By Dec. 1, 2013, employers must train workers on new label elements and a standardized format for new Safety Data Sheets, formerly known as Material Safety Data Sheets, related to chemical hazards in the workplace. The training is required under the Occupational Safety and Health Administration’s updated Hazard Communication Standard.
Office workers who encounter hazardous chemicals only in isolated instances are not covered by the rule. For example, OSHA says intermittent or occasional use of a copying machine does not result in coverage under the rule. However, if an employee handles the chemicals to service the machine, or operates it for long periods of time, then the standard applies.
The new 16-section Safety Data Sheets, or SDS, are required for all chemicals sold in the United States. Chemicals a business may house do not have to be a specific grade such as commercial or industrial to fall under the standards. Basically, any employer with one employee and one hazardous chemical is covered. The purpose of the sheets is to provide safety and health information about chemicals to help prevent accidents and exposures.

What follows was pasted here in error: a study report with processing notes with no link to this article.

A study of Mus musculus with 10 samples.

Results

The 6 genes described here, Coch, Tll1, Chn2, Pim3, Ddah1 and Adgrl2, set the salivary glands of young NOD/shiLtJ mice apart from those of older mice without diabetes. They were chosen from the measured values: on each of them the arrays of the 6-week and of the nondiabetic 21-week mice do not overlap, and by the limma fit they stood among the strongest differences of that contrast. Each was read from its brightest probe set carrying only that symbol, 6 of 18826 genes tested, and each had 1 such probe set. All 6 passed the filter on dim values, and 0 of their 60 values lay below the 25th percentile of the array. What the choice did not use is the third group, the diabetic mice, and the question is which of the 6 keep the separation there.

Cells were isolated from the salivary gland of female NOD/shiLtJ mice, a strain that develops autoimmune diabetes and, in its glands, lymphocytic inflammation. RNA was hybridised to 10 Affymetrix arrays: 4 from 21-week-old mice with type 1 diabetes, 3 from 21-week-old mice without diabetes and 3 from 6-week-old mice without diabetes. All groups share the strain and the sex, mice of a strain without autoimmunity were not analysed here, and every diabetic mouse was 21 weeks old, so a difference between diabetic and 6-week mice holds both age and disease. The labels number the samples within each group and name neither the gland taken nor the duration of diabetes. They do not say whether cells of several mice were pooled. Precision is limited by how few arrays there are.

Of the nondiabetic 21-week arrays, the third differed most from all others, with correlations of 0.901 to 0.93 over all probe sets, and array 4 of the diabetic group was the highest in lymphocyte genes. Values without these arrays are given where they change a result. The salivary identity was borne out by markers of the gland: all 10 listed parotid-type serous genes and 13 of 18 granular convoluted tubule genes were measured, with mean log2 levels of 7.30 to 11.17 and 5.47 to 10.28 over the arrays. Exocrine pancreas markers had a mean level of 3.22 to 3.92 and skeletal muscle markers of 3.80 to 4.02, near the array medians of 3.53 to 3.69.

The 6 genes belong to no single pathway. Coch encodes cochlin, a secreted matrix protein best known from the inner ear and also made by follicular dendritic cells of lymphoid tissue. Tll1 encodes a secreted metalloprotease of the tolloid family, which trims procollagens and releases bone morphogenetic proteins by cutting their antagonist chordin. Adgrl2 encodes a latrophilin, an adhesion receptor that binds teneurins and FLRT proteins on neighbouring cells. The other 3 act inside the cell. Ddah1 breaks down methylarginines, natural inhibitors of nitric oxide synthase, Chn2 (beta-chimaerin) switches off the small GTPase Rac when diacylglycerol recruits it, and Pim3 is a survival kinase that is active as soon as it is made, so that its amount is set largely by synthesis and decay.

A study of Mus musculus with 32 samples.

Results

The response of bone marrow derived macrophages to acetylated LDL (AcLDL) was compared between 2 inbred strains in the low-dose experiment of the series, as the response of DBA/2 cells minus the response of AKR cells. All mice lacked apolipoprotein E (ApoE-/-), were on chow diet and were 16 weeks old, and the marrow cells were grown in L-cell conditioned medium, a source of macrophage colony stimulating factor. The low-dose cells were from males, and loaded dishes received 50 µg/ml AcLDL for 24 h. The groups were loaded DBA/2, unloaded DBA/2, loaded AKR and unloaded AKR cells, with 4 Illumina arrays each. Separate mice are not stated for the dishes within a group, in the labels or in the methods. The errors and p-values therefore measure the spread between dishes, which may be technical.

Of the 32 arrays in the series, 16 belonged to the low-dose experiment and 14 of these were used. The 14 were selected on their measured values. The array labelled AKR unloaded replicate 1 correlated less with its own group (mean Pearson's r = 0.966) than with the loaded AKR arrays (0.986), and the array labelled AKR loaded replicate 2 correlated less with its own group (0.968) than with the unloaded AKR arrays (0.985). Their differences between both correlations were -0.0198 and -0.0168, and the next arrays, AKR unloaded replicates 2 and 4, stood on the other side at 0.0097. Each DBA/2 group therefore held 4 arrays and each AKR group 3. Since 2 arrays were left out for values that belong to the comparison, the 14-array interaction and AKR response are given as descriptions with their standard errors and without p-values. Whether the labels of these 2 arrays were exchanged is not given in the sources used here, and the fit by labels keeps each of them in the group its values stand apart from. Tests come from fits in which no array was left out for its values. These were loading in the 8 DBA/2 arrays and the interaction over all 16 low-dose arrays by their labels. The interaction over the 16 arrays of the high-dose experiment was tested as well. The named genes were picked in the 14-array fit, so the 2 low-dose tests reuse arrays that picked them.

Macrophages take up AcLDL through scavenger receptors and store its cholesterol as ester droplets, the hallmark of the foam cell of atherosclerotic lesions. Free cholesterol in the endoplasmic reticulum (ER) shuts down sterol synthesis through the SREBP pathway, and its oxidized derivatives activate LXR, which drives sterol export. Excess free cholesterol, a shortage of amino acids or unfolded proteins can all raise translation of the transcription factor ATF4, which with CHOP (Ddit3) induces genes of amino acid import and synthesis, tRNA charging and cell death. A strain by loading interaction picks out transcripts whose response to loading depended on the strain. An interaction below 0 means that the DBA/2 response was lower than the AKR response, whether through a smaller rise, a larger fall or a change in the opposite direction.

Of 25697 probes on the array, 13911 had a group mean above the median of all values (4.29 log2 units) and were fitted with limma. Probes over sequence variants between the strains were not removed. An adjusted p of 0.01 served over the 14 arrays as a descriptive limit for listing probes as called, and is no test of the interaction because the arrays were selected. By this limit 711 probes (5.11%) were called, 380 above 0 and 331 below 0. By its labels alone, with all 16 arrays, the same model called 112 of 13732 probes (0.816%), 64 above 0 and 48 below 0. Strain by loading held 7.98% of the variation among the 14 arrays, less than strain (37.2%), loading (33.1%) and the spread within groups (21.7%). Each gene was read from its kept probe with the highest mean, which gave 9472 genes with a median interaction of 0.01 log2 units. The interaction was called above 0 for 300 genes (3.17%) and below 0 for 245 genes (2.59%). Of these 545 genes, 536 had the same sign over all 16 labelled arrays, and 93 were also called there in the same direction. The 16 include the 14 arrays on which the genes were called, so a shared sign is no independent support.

An OSHA Fact Sheet at http://www.osha.gov/Publications/OSHA3642.pdf explains the minimum required topics for the training that must be completed by Dec. 1.
It is important that your store or business be up to date in case of an OSHA audit or accident that involves the use of the Hazard Communication Standard.
Data sheets for most chemicals purchased in the past three years have been revised, so those sheets should be up to date; however, you may still have old data sheets for older chemicals in your Hazards Communications Binders. Employers need to go to the manufacturers’ websites and print off new SDS forms and place them in your binder for any chemicals with outdated sheets.
Chemical manufacturers and importers are required to provide a label that includes a signal word, pictogram and hazard statement for each hazard class and category. Precautionary statements must also be provided. The training should familiarize workers with the new label elements.
Alabama Retail Comp can provide members with Power Point presentations, training exercises and quizzes and answers related to chemical labels and Safety Data Sheets from ARC’s Safety Training Library.
Contact Tessa Lowery at firstname.lastname@example.org or 1-800-239-5423 to find out how you can access the information.
This article also appeared in the 2013 Third Edition of Alabama Retail Quarterly, was distributed to Alabama Retail members via e-mail and was first published here on Oct. 25, 2013.